Tomorrow, President Biden will announce a total of $4 billion in funding for COVID-19 vaccines for poor countries. That's part of what he'll talk about with G7 leaders at a special meeting on how to end the pandemic. Later, Biden will make another move aimed at an audience well beyond U.S. borders - he'll speak to the Munich Security Conference, an annual gathering of the world's top national security and military leaders. He's looking to reassure allies that the go-it-alone days of the Trump administration are over. Here's NPR White House correspondent Franco Ordoñez.

FRANCO ORDOÑEZ, BYLINE: Twelve years ago, then-Vice President Joe Biden flew to Germany. It was the new Obama administration's first foreign trip. Biden was there to send a very important message.


PRESIDENT JOE BIDEN: I come to Europe on behalf of a new administration, an administration that's determined to set a new tone not only in Washington but in America's relations around the world.

ORDOÑEZ: He was turning the page on the George W. Bush administration and inviting traditional allies in Europe to work together on challenges like arms control in Afghanistan and climate change. Tomorrow, President Biden will return to that familiar place, though virtually, and turning the page on the Trump years.

HEATHER CONLEY: So the similarities and the themes are very striking.

ORDOÑEZ: That's Heather Conley, who was a senior official for European issues in the Bush State Department.

CONLEY: To know that we're going back to those same themes over and over again, it has that feeling, which - particularly during the pandemic, of "Groundhog Day," the movie. We're waking up and repeating those same sentences, those same challenges.

ORDOÑEZ: Take his words in 2009 about launching a new green revolution.


BIDEN: We are prepared to once again begin to lead by example. America will act aggressively against climate change and in pursuit of energy security with like-minded nations.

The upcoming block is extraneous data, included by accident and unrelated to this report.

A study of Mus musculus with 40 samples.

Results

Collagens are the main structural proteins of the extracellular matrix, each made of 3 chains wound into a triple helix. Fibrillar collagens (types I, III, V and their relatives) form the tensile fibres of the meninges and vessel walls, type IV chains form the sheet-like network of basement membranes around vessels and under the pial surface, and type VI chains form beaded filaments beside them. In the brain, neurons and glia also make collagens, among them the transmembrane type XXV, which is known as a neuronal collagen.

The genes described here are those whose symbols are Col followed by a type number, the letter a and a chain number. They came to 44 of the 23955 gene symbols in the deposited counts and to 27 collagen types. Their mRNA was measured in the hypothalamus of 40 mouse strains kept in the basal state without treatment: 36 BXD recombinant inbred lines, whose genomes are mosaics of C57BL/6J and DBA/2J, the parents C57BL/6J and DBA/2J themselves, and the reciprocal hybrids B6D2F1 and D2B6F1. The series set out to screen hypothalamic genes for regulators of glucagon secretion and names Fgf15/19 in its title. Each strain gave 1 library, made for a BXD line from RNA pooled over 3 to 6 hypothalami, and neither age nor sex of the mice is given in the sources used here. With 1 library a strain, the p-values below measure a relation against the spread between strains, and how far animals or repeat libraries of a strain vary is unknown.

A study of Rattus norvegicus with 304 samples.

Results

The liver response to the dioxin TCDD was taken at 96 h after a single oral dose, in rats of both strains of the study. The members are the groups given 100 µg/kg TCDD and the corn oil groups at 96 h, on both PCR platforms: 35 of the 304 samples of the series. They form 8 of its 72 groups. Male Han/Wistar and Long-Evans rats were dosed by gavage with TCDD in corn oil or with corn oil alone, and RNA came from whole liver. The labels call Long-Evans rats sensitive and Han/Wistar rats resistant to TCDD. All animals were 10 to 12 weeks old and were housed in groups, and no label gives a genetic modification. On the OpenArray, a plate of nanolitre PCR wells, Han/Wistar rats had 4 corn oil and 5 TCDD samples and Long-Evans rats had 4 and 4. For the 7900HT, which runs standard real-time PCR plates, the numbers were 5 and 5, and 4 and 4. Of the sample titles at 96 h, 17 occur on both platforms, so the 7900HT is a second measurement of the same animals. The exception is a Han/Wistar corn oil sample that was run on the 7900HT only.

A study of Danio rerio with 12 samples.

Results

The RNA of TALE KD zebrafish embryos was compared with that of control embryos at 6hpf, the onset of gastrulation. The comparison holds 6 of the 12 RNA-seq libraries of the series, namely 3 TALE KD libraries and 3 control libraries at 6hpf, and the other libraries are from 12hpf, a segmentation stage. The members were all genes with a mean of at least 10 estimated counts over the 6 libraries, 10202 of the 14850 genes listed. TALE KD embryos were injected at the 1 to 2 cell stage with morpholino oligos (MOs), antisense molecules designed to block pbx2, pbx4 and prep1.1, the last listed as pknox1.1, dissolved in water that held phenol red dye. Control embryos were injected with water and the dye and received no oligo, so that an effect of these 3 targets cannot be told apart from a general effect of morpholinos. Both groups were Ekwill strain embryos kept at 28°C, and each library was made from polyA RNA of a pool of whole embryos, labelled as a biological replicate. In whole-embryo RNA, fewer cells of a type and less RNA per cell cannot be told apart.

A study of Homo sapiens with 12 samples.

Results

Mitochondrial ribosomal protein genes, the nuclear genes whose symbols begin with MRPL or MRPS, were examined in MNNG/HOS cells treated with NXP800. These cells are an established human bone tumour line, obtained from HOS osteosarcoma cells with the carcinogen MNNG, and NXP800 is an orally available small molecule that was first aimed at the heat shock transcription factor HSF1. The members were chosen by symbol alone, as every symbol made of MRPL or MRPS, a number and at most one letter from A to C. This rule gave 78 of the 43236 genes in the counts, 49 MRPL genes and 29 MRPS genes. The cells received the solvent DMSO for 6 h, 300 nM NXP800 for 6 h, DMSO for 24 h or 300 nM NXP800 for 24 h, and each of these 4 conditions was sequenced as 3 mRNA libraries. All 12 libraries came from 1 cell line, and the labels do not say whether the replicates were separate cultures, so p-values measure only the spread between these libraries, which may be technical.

ORDOÑEZ: Back then, he was looking for common ground with Russia, starting a diplomatic reset.


BIDEN: But the United States and Russia can disagree and still work together where our interests coincide. And they coincide in many places.

ORDOÑEZ: Since then, Moscow interfered in U.S. elections and places like Ukraine and Syria. So his message on Russia this time may have a harder edge.

CHARLES KUPCHAN: I would say there are similarities and there are differences.

ORDOÑEZ: That's Charles Kupchan, who was a senior adviser in the Obama administration. In 2009, Biden was soothing strained relations after the wars in Iraq and Afghanistan. This time, he has a bigger rift to heal.

KUPCHAN: What is new here is that Americans and Europeans are still in shock about the illiberalism and the populism and the nativism that have infected political life on both sides of the Atlantic.

ORDOÑEZ: Normally, a big speech at the Munich Conference seeps into the private conversations that top officials have afterward, when they're huddling in nooks and crannies of the plush German hotel. But this time it's happening online, so the buzz won't be the same, like the buzz two years ago, when Biden made his last speech in Munich as a private citizen. He told allies, basically, to wait Trump out.


BIDEN: And I promise you - I promise you - that, as my mother would say, this too shall pass. We will be back. We will be back. Don't have any doubt about that.


ORDOÑEZ: Now Biden is back with a similar message, but the backdrop of uncertainty about the future is far from that.

Franco Ordoñez, NPR News.

(SOUNDBITE OF MUSIC) Transcript provided by NPR, Copyright NPR.

Franco Ordoñez is a White House Correspondent for NPR's Washington Desk. Before he came to NPR in 2019, Ordoñez covered the White House for McClatchy. He has also written about diplomatic affairs, foreign policy and immigration, and has been a correspondent in Cuba, Colombia, Mexico and Haiti.